RSA Day 2: Getting More Involved in the Cyber Issues that Matter
While yesterday’s RSA keynotes highlighted the need for increased trust and transparency in cybersecurity, today’s discussions were all centered around how to make those changes a reality – starting with getting individuals more involved in the issues that matter.
Calls for Comprehensive Legislation
Harvard Kennedy School’s Bruce Schneier kicked off the conversation by discussing how technologists can get more involved in impacting cybersecurity legislation. While the internet has developed exponentially since its creation, legislation surrounding it has not. Schneier stressed that this needs to be changed and it needs to start with people who understand the technologies dominating the security landscape on both sides of the battlefield.
He touched on current cybersecurity regulations like the EU’s implementation of GDPR, Australia’s implementation of legislation that enables law enforcement to access encrypted data upon request, and how the U.S. can start getting more involved in the conversation. The takeaway? If we want technology to continue to grow and expand in a way that is going to be beneficial, we have to get it under control. And the best way to ensure its longevity is by getting the people who know it best more involved.
Power to the People
Microsoft’s Corporate VP of the Cybersecurity Solutions Group, Ann Johnson, also used her time to discuss the more human aspects of the industry – namely noting how expanding the cyber workforce and increasing its diversity will be the best way to propel the technology behind it. She emphasized that work in cybersecurity can be the most rewarding, yet the most taxing. This could explain both the exceptionally high stress rate among industry professionals and the three million job openings still vacant within cybersecurity organizations.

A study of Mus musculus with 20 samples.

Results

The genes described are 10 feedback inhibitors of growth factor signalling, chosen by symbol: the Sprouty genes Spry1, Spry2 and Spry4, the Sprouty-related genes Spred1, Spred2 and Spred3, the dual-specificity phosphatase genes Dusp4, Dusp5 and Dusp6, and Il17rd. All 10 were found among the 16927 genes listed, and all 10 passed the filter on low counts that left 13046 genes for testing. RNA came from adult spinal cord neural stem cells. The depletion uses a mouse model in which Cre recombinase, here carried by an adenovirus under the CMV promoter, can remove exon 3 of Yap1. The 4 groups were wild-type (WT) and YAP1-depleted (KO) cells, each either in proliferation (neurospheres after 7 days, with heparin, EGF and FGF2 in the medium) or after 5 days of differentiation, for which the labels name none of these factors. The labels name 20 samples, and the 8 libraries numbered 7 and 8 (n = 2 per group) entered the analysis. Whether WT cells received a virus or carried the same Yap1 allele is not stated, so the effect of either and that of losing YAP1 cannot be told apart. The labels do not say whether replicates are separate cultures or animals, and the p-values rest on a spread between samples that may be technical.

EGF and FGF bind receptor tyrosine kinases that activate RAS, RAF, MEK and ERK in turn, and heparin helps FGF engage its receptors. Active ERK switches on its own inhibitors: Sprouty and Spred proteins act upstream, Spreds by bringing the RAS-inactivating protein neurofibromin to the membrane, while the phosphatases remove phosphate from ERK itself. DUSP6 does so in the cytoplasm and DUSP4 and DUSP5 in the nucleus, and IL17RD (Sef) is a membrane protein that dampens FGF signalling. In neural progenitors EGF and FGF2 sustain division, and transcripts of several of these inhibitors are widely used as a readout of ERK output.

Johnson encouraged organizations to prioritize a diverse workforce and to foster more positive atmospheres. She discussed how these steps can boost employee retention and provide variety in organizational approaches to issues. She also noted that more diverse teams make better decisions 87% of the time. Johnson highlighted how work in technology and cybersecurity, in particular, is beginning to change. As today’s tools become more capable of alleviating some of the responsibility formerly held by human counterparts, professionals are starting to explore new avenues in the field. “Tech is amplifying our human capacity to separate the humans from the noise,” Johnson said.
Combining Tech and Human Intelligence
Facebook’s Head of Cyber Security, Nathaniel Gleicher, and Twitter’s VP of Trust and Safety, Del Harvey, also discussed the necessary partnership between tech and human responsibility, which together allows platforms to better differentiate between human and non-human interference and determine next steps accordingly. They each discussed some of the sensitivities that both platforms face when regulating user content, most notably how to differentiate technical interference with legitimate content so as not to violate users’ first amendment rights. But both individuals noted that as technology continues to advance, the lines between technology and legislation continue to blur.
Overall, day two of RSA highlighted the incredible contrast between just how far technology and cybersecurity have come, and how much farther the industry and legislation behind it must advance in order to keep it as reliable and benevolent as possible. But if today’s speakers emphasized anything, it was that change is never quite as far away as it seems – in fact, it is already taking place and it is starting with security technologists like you and me.